Supermarket house brands are getting more popular. Ever wondered why they’re cheaper than other brands?
Buying house brands is one way for consumers to cope with inflation. And cheaper does not necessarily mean inferior — the products could be from the same manufacturer making the branded stuff, a supermarket chain tells Talking Point.
SINGAPORE: Supermarkets have grown their portfolio of house brands by leaps and bounds in recent years, and more consumers are turning to them as inflation shrinks what they can buy with the same amount of money.
These products — marketed under a brand belonging to the respective supermarkets — include NTUC FairPrice’s Pasar and FairPrice brands, DFI Retail Group’s Meadows brand and Sheng Siong’s Tasty Bites, Heritage Farm and Happy Family brands.
FairPrice, the first in Singapore to introduce house brands — in 1985 — told CNA’s Talking Point programme that its range of house brand products has expanded by 25 per cent over the last two years.
DFI Retail Group, which runs Giant and Cold Storage, has grown Meadows’ product range by more than 10 times in the last two years.
Even online retailer RedMart has increased its variety of house brand products by over 40 per cent in the same period.
And the squeeze on consumers from inflation has prompted the major supermarket chains to hold their prices steady or offer discounts on certain staple items.
But are supermarkets able to match the quality of other brands while offering lower prices?
SG Budget Babe writer Dawn Cher, 32, who has used “quite a few” house brands since her early 20s — and who recalled how the facial cotton she used, for example, would “disintegrate” before she was done removing her make-up — thinks the quality is “definitely better” now.
At Singapore’s largest supermarket chain, the quality and price issue has been resolved by sourcing items from 450 suppliers and over 55 countries, looking for “the right supplier to give us the lowest cost possible”, said Marcus Wong, FairPrice Group senior director and head of own brands (retail).
“In some instances, there’s a middleman … between the manufacturing facility and the retailers,” he noted. “We try to work directly with the manufacturing facility or supplier … and we pass the cost savings from this to the consumers.”
On why manufacturers would want to sell their products under supermarkets’ house brands, he said some of them have excess capacity and are “open to working with multiple brands”, including house brands, to optimise their capacity.
When it comes to marketing and branding of house brands, FairPrice also “(does) not over-invest”. For its own flavoured and UHT full-cream fresh milk, for instance, it opted for “standard packaging from the supplier”.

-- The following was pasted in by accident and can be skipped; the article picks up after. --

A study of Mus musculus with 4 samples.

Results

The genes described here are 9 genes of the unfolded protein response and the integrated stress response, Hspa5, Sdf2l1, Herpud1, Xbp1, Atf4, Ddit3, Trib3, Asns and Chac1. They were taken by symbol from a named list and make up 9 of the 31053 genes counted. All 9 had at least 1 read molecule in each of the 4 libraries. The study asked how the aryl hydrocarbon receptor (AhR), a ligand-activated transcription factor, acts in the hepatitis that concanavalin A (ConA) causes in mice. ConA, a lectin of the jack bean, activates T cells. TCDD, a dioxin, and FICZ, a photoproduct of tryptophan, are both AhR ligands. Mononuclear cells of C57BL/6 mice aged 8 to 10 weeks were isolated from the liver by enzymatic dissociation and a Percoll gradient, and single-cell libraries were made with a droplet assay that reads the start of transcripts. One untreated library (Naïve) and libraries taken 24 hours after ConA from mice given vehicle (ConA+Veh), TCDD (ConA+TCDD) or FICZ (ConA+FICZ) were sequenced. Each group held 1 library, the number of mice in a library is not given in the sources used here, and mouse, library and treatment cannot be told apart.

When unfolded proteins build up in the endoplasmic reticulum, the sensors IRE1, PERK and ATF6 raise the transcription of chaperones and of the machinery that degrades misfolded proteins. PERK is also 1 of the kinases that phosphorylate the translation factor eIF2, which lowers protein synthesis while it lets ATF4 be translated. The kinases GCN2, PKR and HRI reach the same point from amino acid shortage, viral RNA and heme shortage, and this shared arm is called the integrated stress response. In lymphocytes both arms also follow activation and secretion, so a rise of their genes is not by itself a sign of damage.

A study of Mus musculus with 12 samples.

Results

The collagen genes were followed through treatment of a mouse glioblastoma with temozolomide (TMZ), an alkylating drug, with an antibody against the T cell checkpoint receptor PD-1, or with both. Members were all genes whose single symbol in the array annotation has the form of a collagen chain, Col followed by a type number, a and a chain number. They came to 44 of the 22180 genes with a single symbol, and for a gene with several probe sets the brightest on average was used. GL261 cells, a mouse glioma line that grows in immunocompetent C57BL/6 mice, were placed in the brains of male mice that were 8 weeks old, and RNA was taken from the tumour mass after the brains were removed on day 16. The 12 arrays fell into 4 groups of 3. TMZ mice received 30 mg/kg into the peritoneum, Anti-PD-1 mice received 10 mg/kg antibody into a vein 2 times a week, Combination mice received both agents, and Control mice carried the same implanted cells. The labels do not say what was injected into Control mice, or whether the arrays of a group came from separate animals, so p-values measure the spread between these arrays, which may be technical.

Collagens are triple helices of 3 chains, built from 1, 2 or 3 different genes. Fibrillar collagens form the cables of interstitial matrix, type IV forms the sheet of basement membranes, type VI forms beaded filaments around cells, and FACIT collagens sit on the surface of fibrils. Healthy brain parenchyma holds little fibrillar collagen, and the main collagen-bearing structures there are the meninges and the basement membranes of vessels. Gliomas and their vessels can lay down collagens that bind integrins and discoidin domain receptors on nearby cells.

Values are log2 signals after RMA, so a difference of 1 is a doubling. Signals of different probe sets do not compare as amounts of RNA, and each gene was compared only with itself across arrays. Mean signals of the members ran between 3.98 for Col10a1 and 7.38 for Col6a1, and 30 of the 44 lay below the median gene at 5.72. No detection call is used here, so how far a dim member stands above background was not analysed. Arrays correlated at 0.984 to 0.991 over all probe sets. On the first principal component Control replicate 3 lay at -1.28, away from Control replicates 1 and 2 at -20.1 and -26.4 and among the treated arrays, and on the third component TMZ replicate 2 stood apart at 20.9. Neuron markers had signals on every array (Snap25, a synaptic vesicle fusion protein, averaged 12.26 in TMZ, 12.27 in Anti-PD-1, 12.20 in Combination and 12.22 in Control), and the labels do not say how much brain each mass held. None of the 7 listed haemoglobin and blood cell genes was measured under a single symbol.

When the products were launched, FairPrice established “some (brand) communication to get the initial awareness up”. After that, it relied on word-of-mouth recommendations from consumers who had tried the milk, said Wong.
“That allows us to not have to continue spending marketing dollars on driving the sales and awareness.”
CO-BRANDED FISH BALLS: A NEW STRATEGY
FairPrice’s house brand sales have grown by 20 per cent over the past three years.
And a Talking Point survey found that 51 per cent of the 500 respondents are making more house brand purchases compared to a year ago. The main reason for choosing these products: Price.
Singapore’s core inflation, which excludes accommodation and private transport costs, has reached its highest level since November 2008.
It rose 4.4 per cent year on year in June, up from 3.6 per cent in May, with stronger price increases in categories such as services, food, retail, electricity and gas.
But house brands may not necessarily be the cheapest products on the shelves. This is because supermarkets have responded to changing customer needs and expanded their house brand range beyond the essentials.
Some products cater for segments of shoppers with more specific or sophisticated tastes. Take, for example, FairPrice’s organic extra virgin coconut oil.
“We look at our data and … where there’s an opportunity for us to expand our range to meet (customers’) needs,” said Wong.
Online grocer RedMart, meanwhile, has adopted another strategy for some of its house brands. It has partnered with some manufacturers and rolled out co-branded products with packaging that features both RedMart’s and the manufacturer’s names.
One such collaboration is with Fishball Story, an eatery that was awarded a Michelin Bib Gourmand for its fish ball noodles.
At S$6 per pack of RedMart x Fishball Story Yellowtail Fish Balls (15 pieces, 300 grammes), it is a bit pricey, felt Talking Point host Diana Ser.
The objective of this collaboration, said Jolin Huang, head of RedMart and grocery at Lazada Singapore, was not to improve people’s perceptions of house brands but to offer a wider range to customers.
“Also giving them an alternative (that is) better-tasting (and) that they’re not able to find in supermarkets outside or even at (other) online supermarkets,” she added.
WATCH: Beat inflation: Would you switch to supermarket house brands? (22:46)
Ultimately, consumers looking to stretch their dollar can still do so by choosing house brands of everyday items such as toilet paper, biscuits, rice and dishwashing liquid.
For example, Ser’s grocery bill for a trolley laden with house brands was S$45.40, or 30 per cent less (S$19) than the S$64.40 she would have spent on the same items if they were non-house brands.
As supermarkets’ house brands evolve and expand, if the result is a wider range to choose from, “it’s still a win for us”, she said.
Watch this episode of Talking Point here. The programme airs on Channel 5 every Thursday at 9.30pm.